Before I Fall
by Lauren Oliver
Source: Self Purchased
Available as of March 2, 2010
What if you had only one day to live? What would you do? Who would you kiss? And how far would you go to save your own life?
Samantha Kingston has it all: the world's most crush-worthy boyfriend, three amazing best friends, and first pick of everything at Thomas Jefferson High—from the best table in the cafeteria to the choicest parking spot. Friday, February 12, should be just another day in her charmed life.
Instead, it turns out to be her last.
Then she gets a second chance. Seven chances, in fact. Reliving her last day during one miraculous week, she will untangle the mystery surrounding her death—and discover the true value of everything she is in danger of losing.
When I first read Before I Fall, I thought it was good. However, I never caught the little details, the bits of irony, or that maybe this was what Sam deserved for the way she lived her life; I was too caught up in wondering how each day would end. Would she wake up and live or would she have another repeat. Upon a second reading, I really thought about how I would feel if I had to relive the same day over and over again.
Samantha Kingston begins day one, Cupid Day, as a selfish, judgmental, irresponsible follower of Lindsay Edgecombe. She is the epitome of popular and because of her status she can get away with anything knowing there will be no consequences for her actions. She has no respect for herself or her teachers and looks down upon all other students. And then it happens, upon leaving a party Lindsay loses control of her vehicle and goes careening off the road. Sam dies and begins to dream of falling. She wakes up at 6:50 AM to her little sister Izzy saying she is going to be late for school. She begins reliving Cupid Day all over again, but this time she gets to make new choices. As the story progresses, Sam realizes she doesn't like the person she has become and tries to fix herself in order to, hopefully, live to see the next day.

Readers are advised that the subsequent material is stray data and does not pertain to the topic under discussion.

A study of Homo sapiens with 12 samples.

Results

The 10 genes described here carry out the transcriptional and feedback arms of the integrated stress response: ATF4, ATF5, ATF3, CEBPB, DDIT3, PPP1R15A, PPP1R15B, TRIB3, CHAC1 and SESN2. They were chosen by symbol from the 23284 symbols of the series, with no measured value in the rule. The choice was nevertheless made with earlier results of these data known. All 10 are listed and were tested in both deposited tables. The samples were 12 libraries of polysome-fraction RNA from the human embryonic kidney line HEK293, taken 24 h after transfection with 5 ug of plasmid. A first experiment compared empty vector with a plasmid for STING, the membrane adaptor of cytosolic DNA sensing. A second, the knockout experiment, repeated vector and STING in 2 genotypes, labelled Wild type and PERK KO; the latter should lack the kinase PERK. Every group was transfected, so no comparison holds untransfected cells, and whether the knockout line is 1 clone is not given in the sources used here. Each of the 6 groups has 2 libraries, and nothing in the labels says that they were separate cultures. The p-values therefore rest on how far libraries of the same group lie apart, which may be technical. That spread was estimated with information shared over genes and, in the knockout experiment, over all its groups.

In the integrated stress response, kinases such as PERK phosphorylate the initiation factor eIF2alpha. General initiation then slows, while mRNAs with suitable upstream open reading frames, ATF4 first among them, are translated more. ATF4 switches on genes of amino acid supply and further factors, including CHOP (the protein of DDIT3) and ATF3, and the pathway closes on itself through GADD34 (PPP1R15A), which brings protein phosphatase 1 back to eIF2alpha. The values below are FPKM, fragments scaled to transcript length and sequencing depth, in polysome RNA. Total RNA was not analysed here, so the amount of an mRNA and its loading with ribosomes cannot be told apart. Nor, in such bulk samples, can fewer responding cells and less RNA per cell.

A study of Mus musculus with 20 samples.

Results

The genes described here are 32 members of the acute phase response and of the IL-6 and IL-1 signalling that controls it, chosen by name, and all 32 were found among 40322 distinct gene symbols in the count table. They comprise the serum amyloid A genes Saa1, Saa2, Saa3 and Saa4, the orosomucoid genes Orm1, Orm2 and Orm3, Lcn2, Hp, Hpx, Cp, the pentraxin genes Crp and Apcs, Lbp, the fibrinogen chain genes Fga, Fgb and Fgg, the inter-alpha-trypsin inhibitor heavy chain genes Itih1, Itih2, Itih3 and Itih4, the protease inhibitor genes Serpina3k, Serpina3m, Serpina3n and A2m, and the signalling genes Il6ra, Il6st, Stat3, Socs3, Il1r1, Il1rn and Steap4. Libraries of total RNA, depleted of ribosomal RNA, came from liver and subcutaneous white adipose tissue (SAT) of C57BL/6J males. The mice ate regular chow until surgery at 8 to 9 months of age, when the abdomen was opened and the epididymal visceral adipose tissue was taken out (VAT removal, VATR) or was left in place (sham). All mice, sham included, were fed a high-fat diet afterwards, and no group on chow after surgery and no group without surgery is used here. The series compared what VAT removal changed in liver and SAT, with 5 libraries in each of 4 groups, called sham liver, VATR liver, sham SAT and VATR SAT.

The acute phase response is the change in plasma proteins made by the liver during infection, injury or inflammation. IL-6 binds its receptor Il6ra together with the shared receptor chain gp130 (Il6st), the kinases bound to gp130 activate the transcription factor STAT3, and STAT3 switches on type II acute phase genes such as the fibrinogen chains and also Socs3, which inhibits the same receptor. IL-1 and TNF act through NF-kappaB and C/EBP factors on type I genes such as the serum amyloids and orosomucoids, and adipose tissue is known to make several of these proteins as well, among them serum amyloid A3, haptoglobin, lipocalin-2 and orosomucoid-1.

Throughout the novel Sam takes breaks to talk to the reader directly. She makes comments asking us to think about ourselves before judging her for her actions. I enjoyed these little snip-its the best because I got to take a break and reflect upon my own life. I asked my self questions like: how will I be remembered, am I who I want to be, and do I do at least one good thing a day? This book made me question myself and my morals.
Lauren Oliver did a great job weaving in ironic statements for the characters. The most memorable statement for me was a quote of Sam's saying, "When my grandmother was still alive we would visit her, and even thought I was no more than six, I remember thinking: I hope I die young." All I could think after reading this was, "Well, you get what you hope for."
Overall, this book was a wonderful read. Granted the chapters are long (only seven!), they are sectioned off by headers to make finding a good place to stop easy.
This book satisfies one of my twenty books for the 2012 Completely Contemp Challenge.